If you caught my first post on why cobalt is the metal Du Jour, you’ll know that cobalt is generally pulled out of the ground as a by-product of nickel or copper mining. This represents an inherent difficulty in responding to rapid increases in cobalt demand because, put simply, mining more cobalt means having to mine more copper or nickel. However, this is far from the only challenge for cobalt supply.
The majority of world supply (54% in 2016), comes from the Democratic Republic of Congo (DRC), which also hosts the largest proportion of the world’s known reserves (48%). The DRC is a vast country, with a population of over 82 million, located in the heart of Africa. Such is the country’s mineral wealth, the World Bank stated it has the potential to become “one of the richest countries on the African continent and a driver of African growth.”
The DRC has incredible mineral wealth but it is also a notoriously unreliable and politically unstable jurisdiction. It is rife with corruption, major outbreaks of violence, armed rebel groups and its known to have problems with child labour. The violence does at times spill into the mining sector. Indeed, earlier this year gold miner, Banro, which created the DRC’s first modern gold mine, had several employees killed during an attack on the mine, and several more kidnapped just weeks later.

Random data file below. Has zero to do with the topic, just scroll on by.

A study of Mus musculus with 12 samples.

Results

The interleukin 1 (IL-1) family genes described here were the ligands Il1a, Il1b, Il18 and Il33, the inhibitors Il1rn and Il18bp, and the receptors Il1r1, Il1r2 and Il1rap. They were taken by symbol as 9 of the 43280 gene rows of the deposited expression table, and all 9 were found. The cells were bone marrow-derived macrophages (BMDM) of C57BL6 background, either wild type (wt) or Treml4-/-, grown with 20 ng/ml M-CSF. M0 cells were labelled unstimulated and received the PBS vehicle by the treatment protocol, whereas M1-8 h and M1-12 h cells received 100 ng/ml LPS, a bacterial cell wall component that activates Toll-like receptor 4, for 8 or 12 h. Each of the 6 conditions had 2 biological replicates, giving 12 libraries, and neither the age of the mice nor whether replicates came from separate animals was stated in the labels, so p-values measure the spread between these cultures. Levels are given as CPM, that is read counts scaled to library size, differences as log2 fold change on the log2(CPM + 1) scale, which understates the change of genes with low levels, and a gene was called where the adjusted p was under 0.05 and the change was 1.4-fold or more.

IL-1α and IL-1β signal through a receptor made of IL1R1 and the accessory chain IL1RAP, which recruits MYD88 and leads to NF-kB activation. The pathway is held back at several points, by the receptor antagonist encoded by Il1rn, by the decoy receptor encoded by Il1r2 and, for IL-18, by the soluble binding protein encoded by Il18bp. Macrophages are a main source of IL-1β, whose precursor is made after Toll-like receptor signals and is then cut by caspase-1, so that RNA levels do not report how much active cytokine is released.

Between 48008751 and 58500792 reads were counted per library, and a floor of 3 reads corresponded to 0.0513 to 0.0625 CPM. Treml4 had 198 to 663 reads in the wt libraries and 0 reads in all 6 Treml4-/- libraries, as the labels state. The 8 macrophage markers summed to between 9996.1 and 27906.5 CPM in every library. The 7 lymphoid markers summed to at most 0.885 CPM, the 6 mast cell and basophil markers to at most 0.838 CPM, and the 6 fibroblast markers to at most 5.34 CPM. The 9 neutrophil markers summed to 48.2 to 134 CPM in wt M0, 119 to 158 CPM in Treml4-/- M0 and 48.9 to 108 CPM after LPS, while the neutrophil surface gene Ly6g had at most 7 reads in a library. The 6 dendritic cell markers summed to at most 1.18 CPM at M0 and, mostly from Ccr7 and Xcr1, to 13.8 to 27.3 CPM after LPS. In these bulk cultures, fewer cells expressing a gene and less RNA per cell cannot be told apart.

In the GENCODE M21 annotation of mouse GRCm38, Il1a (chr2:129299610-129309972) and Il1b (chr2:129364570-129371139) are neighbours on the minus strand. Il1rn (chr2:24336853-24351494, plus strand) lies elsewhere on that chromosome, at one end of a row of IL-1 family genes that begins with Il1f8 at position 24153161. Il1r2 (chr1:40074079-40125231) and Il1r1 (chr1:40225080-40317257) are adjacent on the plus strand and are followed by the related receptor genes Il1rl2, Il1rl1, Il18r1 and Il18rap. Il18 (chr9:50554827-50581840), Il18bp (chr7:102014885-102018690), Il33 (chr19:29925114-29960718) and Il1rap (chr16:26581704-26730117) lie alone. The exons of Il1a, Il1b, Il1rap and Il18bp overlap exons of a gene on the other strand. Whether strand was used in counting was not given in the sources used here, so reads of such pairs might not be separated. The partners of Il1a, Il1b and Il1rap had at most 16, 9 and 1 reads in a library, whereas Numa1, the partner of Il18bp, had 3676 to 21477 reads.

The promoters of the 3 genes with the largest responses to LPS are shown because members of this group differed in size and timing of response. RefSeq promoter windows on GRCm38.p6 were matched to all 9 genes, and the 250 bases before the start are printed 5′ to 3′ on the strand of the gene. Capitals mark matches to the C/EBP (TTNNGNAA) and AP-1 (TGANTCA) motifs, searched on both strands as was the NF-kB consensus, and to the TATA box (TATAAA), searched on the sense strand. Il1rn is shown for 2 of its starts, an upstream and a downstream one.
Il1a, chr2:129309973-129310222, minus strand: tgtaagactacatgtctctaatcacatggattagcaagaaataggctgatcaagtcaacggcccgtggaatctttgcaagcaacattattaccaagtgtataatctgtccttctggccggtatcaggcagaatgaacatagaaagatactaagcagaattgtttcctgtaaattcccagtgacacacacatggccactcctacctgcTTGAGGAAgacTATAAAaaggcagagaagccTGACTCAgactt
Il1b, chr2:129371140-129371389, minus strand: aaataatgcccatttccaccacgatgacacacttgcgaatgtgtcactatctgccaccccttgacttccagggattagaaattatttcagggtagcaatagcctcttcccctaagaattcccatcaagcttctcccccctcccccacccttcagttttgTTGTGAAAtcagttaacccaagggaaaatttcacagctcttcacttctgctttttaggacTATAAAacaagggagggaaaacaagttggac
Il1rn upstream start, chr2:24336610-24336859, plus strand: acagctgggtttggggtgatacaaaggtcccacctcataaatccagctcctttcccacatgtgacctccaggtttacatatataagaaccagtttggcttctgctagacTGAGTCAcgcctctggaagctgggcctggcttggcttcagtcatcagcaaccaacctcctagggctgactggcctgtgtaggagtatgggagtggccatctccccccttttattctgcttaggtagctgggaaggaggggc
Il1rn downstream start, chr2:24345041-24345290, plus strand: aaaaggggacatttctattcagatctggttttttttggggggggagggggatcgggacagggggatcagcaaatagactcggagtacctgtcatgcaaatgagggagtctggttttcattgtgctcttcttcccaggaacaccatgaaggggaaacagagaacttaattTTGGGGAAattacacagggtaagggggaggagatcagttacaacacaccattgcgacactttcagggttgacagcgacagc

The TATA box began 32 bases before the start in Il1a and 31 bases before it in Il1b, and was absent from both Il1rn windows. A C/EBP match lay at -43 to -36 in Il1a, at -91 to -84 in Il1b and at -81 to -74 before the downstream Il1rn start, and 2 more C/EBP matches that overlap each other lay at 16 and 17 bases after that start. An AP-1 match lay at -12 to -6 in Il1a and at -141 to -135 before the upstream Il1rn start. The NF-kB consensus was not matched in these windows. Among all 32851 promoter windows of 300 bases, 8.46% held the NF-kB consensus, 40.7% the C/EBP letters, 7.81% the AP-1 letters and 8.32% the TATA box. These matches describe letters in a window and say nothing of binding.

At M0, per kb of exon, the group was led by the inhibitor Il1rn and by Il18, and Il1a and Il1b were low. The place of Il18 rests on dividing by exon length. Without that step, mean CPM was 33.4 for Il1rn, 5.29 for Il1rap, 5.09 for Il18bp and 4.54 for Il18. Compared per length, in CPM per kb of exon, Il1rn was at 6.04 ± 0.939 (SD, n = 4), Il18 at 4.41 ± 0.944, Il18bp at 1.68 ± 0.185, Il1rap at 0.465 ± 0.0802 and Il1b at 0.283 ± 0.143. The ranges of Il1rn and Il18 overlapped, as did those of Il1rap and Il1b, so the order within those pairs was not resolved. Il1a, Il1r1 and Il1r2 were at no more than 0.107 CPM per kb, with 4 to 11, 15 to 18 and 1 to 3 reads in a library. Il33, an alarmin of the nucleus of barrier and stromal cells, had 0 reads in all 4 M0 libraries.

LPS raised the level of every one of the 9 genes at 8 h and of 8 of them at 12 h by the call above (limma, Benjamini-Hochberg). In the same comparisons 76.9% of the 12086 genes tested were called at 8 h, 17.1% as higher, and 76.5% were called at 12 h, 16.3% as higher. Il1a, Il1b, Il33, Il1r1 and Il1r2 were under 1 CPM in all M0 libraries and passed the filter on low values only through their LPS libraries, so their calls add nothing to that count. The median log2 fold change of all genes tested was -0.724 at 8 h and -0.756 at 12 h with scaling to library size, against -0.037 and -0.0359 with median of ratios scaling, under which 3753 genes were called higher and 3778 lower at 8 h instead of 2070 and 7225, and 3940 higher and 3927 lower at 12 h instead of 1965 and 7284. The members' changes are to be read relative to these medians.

The mining industry is famous for the effect of its “black swan” events – incidents or periods that have a major impact on supply or demand. For an example of such an occurrence, let’s take another energy metal that I know very well: uranium. In 2006, major flooding at the Cigar Lake mine – currently the largest high-grade uranium mine in the world – set off a reaction in the uranium markets that saw the spot price rise swiftly from around $60/lb to nearly $140/lb. There was already a uranium supply crunch taking place but this black swan event increased the effect by magnitudes. It doesn’t take much imagination to think of all the things that could go wrong, when the full-throttle growth of the battery and EV industry is so heavily reliant on the Congo for one of its most important materials.
Exposure to cobalt thus comes with, perhaps, a greater level of risk/reward than many other metals. It’s for this reason that we (Cobalt 27) have a three-pronged approach to the sector, including holding physical cobalt, acquiring streams/royalties in producing mines and, at a later stage, acquiring interests in producing mines. This broad strategy not only offers pure-play exposure to cobalt but, critically, reduces risk for investors.